DEAR HARRIETTE: I am planning a wedding that will be taking place in the fall. I have gone back and forth with my husband-to-be about the prospect of an open bar. I have a few alcoholics in my family, and I feel as though this would enable them to make fools of themselves. My fiance believes that a small group should not be allowed to ruin everybody else's time. How can I balance having an open bar with keeping my addicted relatives at bay? -- Water for You, Seattle
DEAR WATER FOR YOU: Even if you had an alcohol-free bar, there would be a chance that your alcoholic family members could get drunk, because they might bring their own stash. You cannot control how much they drink. You can ask them in advance to do you a huge favor and try not to get drunk at the party. Yes, I said it. Be proactive and call them on their behavior. Your voice may ring in their ears during the night and curb someone's behavior.
More practically, you should set up safeguards for anyone who tends to drink too much. Start by informing bartenders to stop serving anyone who is drunk. This is the law, though often not enforced. Reserve a private room at your reception site where drunk guests can be taken to protect them and your other guests. Arrange for a taxi or car service to be on hand to drive any intoxicated guests home.
DEAR HARRIETTE: My husband is an immigrant from Europe. Following the election, he began thinking about opening a second business location back in Denmark. I don't hate the idea, but I'm scared that he feels the need to have a security net like this. He told me that I essentially have final say over the decision because I will have to take care of the kids when he is gone. Should I give him the green light? I have thought about this endlessly for weeks now. -- Tipping Point, Rochester, New York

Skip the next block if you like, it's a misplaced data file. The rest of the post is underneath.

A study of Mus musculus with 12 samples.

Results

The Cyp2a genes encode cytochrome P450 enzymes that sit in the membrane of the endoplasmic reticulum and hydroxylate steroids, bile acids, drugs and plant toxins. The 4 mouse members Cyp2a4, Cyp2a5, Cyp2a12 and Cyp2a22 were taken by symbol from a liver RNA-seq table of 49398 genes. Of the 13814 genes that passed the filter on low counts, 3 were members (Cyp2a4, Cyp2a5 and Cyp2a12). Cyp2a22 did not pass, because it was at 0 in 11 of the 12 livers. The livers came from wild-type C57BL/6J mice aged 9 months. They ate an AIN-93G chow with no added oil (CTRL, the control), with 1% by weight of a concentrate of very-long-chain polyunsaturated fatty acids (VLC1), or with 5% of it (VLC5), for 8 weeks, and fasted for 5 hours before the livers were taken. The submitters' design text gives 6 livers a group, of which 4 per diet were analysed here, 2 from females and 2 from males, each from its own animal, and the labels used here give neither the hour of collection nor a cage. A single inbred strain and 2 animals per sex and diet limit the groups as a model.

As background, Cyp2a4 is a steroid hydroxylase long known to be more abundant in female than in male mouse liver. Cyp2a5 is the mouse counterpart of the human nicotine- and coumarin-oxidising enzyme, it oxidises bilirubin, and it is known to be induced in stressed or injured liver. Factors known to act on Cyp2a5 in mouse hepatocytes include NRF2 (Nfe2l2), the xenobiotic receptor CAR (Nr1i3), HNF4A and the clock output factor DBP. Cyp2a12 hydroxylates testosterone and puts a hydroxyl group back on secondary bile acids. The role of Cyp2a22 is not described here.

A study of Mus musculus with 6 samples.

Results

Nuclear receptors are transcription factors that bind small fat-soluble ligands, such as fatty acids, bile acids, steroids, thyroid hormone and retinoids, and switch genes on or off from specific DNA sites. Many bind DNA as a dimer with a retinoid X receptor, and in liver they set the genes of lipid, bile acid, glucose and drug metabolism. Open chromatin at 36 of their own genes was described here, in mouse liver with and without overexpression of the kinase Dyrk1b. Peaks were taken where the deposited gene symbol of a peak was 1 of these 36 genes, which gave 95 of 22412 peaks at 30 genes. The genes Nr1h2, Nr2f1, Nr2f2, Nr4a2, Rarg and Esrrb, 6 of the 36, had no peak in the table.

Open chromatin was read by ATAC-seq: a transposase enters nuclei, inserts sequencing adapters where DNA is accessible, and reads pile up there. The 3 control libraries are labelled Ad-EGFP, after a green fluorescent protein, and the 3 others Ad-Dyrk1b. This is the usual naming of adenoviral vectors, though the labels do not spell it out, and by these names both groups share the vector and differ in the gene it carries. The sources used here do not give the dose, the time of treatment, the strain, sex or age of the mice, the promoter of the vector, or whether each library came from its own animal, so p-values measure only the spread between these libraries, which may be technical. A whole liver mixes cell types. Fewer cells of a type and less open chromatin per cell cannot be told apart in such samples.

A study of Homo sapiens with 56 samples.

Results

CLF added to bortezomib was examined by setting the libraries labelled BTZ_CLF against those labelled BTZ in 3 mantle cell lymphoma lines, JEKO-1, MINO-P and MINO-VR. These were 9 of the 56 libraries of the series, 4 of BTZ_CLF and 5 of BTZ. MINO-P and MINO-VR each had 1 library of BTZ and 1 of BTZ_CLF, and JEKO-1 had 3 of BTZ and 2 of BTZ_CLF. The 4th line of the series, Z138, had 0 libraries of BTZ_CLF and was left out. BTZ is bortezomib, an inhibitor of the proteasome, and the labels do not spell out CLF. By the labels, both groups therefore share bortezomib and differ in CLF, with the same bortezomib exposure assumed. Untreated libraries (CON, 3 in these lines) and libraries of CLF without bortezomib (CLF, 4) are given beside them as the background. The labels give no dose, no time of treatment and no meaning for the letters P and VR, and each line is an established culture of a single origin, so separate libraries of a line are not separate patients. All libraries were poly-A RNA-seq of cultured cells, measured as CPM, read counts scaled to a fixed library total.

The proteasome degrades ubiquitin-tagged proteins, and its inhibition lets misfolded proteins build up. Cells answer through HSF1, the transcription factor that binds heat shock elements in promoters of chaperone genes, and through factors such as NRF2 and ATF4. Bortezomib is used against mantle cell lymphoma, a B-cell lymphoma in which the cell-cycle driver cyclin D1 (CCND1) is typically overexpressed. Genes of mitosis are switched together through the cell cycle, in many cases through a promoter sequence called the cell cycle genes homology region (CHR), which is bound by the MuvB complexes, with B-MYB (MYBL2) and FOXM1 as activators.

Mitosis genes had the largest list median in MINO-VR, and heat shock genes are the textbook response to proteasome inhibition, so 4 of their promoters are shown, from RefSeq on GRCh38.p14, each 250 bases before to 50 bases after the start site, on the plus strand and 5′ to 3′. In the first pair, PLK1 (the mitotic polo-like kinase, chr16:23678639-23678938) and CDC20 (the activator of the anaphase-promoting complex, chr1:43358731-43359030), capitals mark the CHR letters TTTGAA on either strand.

DEAR TIPPING POINT: Talk to your husband in detail about his ideas, including how much support he has in Denmark in order to build a business there. On one hand, his idea could be great for your family. But know that startups take a tremendous amount of time, and typically the owner has to be in the trenches indefinitely. If you and your husband want him to return to the family at some point and live together in the U.S., he will also have to identify individuals he can trust implicitly to help grow and run the business.
Realistically, you should both know that this is rare. Most successful entrepreneurs are 100 percent committed to their businesses for the long haul. Knowing this, you and your husband need to talk seriously about what you want your future to look like. You must be frank about where you are willing to live in five to 10 years. If Denmark is not a serious contender and you want to stay married, you may want to pass on your husband going abroad to start that business.
(Harriette Cole is a life stylist and founder of DREAMLEAPERS, an initiative to help people access and activate their dreams. You can send questions to email@example.com or c/o Andrews McMeel Syndication, 1130 Walnut St., Kansas City, MO 64106.)